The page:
Single-minded positioning is widely touted as a universal truth. Yet many brands in consumer and b-to-b markets defy it. They outgrow it or eschew it altogether and still succeed. Here are three examples:
IBM. From "Internet in a box" to "Solutions for a small planet" and then "E-business on demand," IBM never really owned the key language or ideas. They were co-opted by and from the marketplace. Yet IBM keeps forging ahead.
Nike. To observers and customers alike, this brand never embraced a discernible single-minded positioning. Imagery borrowed from sports celebrities combined with relentless investment drove this brand to its monolithic status.
Yahoo! The upstart brand that wanted to embrace everything and everyone on the Web is glued together only by a wacky name and persona. It became a profitable Internet colossus unimpeded by the lack of narrow positioning.
Ubiquitous penetration and distribution, far-flung geographies, dominant market shares, massive budgets and grand aspirations are the hallmarks of superbrands. If you reach this level —or aspire to—different principles apply, just as they do in quantum versus Newtonian physics.
Maturity, scale and breadth of vision matter when it comes to developing brand strategy for players at this stage in the game—and change the way the game is played. The objective is no longer simply to stick in the customer's mind—that's a fait accompli. It's to sustain the customer's belief that your brand is best and reinforce customers' confidence in their brand decision.
At this point, it is unlikely that your brand can be captured in—and inappropriate that it should be limited to—a single word or catchphrase. This kind of oversimplification can constrict perception of brand value instead of expanding it. It can also make the positioning vulnerable to misattribution to other brands (b-to-b and consumer) and to outright appropriation by the competition.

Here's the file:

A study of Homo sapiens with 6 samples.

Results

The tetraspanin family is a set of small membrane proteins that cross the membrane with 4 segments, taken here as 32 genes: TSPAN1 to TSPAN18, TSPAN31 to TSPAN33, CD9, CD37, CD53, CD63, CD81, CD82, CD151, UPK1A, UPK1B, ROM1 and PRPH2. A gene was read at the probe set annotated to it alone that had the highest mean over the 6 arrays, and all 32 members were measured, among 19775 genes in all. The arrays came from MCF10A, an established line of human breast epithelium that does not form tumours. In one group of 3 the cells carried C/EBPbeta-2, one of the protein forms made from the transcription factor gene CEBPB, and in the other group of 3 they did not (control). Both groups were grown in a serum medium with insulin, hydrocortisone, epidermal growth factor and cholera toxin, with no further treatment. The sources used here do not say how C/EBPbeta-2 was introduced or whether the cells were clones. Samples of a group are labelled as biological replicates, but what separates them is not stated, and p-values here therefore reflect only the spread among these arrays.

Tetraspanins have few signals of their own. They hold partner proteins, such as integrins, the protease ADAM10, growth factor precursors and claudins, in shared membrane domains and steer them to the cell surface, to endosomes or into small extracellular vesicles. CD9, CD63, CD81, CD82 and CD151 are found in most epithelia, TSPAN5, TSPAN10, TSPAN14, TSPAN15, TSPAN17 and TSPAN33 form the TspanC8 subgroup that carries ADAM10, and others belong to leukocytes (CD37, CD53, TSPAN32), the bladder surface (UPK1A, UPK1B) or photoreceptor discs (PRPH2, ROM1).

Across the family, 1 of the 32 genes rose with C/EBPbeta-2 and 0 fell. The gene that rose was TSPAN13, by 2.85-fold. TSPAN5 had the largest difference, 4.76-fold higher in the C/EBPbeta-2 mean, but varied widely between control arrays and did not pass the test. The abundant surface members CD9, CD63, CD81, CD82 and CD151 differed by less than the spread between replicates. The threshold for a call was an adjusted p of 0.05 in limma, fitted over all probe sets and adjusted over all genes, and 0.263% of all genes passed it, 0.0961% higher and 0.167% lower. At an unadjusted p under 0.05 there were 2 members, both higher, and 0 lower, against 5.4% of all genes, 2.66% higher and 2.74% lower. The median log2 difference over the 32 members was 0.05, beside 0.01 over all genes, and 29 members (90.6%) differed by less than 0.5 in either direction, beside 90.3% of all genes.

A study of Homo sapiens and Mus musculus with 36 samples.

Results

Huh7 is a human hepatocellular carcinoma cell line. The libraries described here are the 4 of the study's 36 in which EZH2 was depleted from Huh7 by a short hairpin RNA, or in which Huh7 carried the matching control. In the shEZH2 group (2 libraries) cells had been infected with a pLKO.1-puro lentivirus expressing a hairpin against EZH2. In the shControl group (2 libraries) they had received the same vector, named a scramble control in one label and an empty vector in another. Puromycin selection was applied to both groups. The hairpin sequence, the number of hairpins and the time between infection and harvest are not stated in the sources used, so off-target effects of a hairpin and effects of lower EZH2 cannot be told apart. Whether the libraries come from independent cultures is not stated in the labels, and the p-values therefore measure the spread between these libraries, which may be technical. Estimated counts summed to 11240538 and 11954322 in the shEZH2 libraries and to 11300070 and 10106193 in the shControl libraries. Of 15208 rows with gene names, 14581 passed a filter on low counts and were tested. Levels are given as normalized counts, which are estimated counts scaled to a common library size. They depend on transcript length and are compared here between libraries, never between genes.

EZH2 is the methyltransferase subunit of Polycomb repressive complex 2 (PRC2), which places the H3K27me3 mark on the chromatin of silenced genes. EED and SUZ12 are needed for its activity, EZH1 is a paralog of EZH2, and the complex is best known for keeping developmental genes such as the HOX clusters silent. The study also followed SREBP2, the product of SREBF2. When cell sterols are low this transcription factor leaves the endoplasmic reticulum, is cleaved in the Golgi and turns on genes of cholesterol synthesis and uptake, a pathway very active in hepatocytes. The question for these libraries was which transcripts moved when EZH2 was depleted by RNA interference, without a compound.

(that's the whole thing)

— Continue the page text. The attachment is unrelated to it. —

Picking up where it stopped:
These dynamics play out in the marketplace all the time. The predominant research methodologies demonstrate the point quite well. These techniques depend on the customer's ability to conduct fast analysis of detailed benefit and attribute batteries across multiple brands. This reality exposes the complex truth behind the veil of the simplicity.
Market leaders rightly want to know that their brands top out across the board on affirmative measures, eliminate or minimize the negatives, and address new issues and opportunities. Competitors co-opt language, benefits, attributes and features and even clone each other's products to stay afloat in the customer's evaluative process.
Customers have nuanced understanding of brands, aggregated from iterative messaging and experience over time. They evaluate them as complex sets of variables—mostly unconsciously. Reducing the brand's value proposition to one lowest common denominator risks not synching with customers. Furthermore, it risks undermining the value perception built up by the customer.
Exceptions to the single-mindedness rule are legion. Just three are mentioned above, but also consider McDonald's, Tide, Microsoft, Coke and others. Each of these brands has accumulated huge brand equity and come to represent much more than one idea. They communicate broadly, aggressively and persistently on multiple fronts to protect, leverage and grow their investment return. They succeed because they don't fight their multiplicity; they embrace it.
Many brands may overlook this and hence fail to sufficiently grow and leverage their equity. As a result, their full value is neither reflected in nor extracted from the marketplace. If you need help with this, beware the bearer of the single-minded proposition as your best strategic option. It may only be the best way to strangle your brand.